Block Detection is there a better way?greenspun.com : LUSENET : Wiring for DCC : One Thread
I am new to DCC and have never tried block control. I am planning a new large (for me) layout 12 x 8 in HO. I have thought about block detection and was wondering why infrared emmiters and receivers could not be concealled in bushes or buildings etc. along the track to indicate block occupancy? I am not planning on using infrared walk around throttles. Thanks
-- Richard Gude (firstname.lastname@example.org), September 18, 2000
There are two main types of infra-red sensors; the photo interrupter and photo reflector. Photo interrupters will work as you have suggested. You may need to skew the light path lengthwise down the track somewhat to avoid the on-off switching between cars as a train passes. You can even use reflecting objects like mirrors to make the effective path longer for better coverage. [Garage door and elevator door controls use this principal to sense objects in the doorway.] The reflector type sits below or alongside the track with the light beam shining out in space. When the train is present some of that light is reflected back into the sensor to detect occupancy. A time delay is used to avoid on-off switching between cars.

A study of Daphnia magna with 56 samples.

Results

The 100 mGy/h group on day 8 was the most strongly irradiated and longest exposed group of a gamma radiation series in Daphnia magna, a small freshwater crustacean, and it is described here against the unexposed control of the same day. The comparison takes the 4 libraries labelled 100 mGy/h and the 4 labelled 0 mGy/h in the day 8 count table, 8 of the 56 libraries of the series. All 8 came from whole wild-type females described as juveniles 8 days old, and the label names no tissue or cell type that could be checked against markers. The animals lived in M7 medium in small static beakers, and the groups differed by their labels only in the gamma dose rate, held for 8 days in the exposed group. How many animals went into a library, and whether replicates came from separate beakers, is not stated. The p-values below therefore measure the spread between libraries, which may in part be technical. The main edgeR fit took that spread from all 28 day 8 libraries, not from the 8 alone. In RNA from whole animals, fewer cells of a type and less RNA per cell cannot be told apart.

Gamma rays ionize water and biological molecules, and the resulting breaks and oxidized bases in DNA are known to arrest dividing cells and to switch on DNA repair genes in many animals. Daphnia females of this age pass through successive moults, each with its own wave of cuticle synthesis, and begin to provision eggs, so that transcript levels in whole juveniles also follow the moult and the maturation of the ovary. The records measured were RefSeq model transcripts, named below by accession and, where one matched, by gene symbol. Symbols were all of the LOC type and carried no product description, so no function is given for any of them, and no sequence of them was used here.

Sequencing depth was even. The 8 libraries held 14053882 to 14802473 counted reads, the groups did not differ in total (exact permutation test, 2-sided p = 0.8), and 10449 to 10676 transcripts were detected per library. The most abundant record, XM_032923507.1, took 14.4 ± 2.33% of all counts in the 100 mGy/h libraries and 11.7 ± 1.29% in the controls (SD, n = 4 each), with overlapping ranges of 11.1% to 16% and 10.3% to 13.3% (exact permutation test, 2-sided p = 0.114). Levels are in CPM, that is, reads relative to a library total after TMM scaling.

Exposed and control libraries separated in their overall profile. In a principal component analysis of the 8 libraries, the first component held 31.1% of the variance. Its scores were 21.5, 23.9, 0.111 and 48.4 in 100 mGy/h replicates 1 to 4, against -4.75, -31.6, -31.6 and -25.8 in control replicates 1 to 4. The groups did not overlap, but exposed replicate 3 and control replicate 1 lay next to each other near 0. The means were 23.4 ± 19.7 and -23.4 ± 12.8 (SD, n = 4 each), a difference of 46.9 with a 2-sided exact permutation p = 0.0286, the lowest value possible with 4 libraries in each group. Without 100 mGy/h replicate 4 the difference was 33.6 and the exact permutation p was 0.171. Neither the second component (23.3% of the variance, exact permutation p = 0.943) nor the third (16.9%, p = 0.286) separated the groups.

There are some problems to deal with. If you put many strong IR transmitters and sensitive recievers in the same room the light from one sensor will bounce off walls and ceilings to hit an unintended receiver, yielding poor results. Sunlight and even room lights can be strong enough to saturate the receiver, making it useless to detect the miniscule light output of the transmitter. Using IR filters help. The best systems modulate the IR transmitter and demodulate the recieved signal to separate out steady ambient light or that from another transmitter. [Commonly used for IR remote controls]
IRDOT sensors from SKD Electronics should work in the horizontal position as well as vertical. See www.traindetec.com.
-- Don Vollrath (email@example.com), September 19, 2000.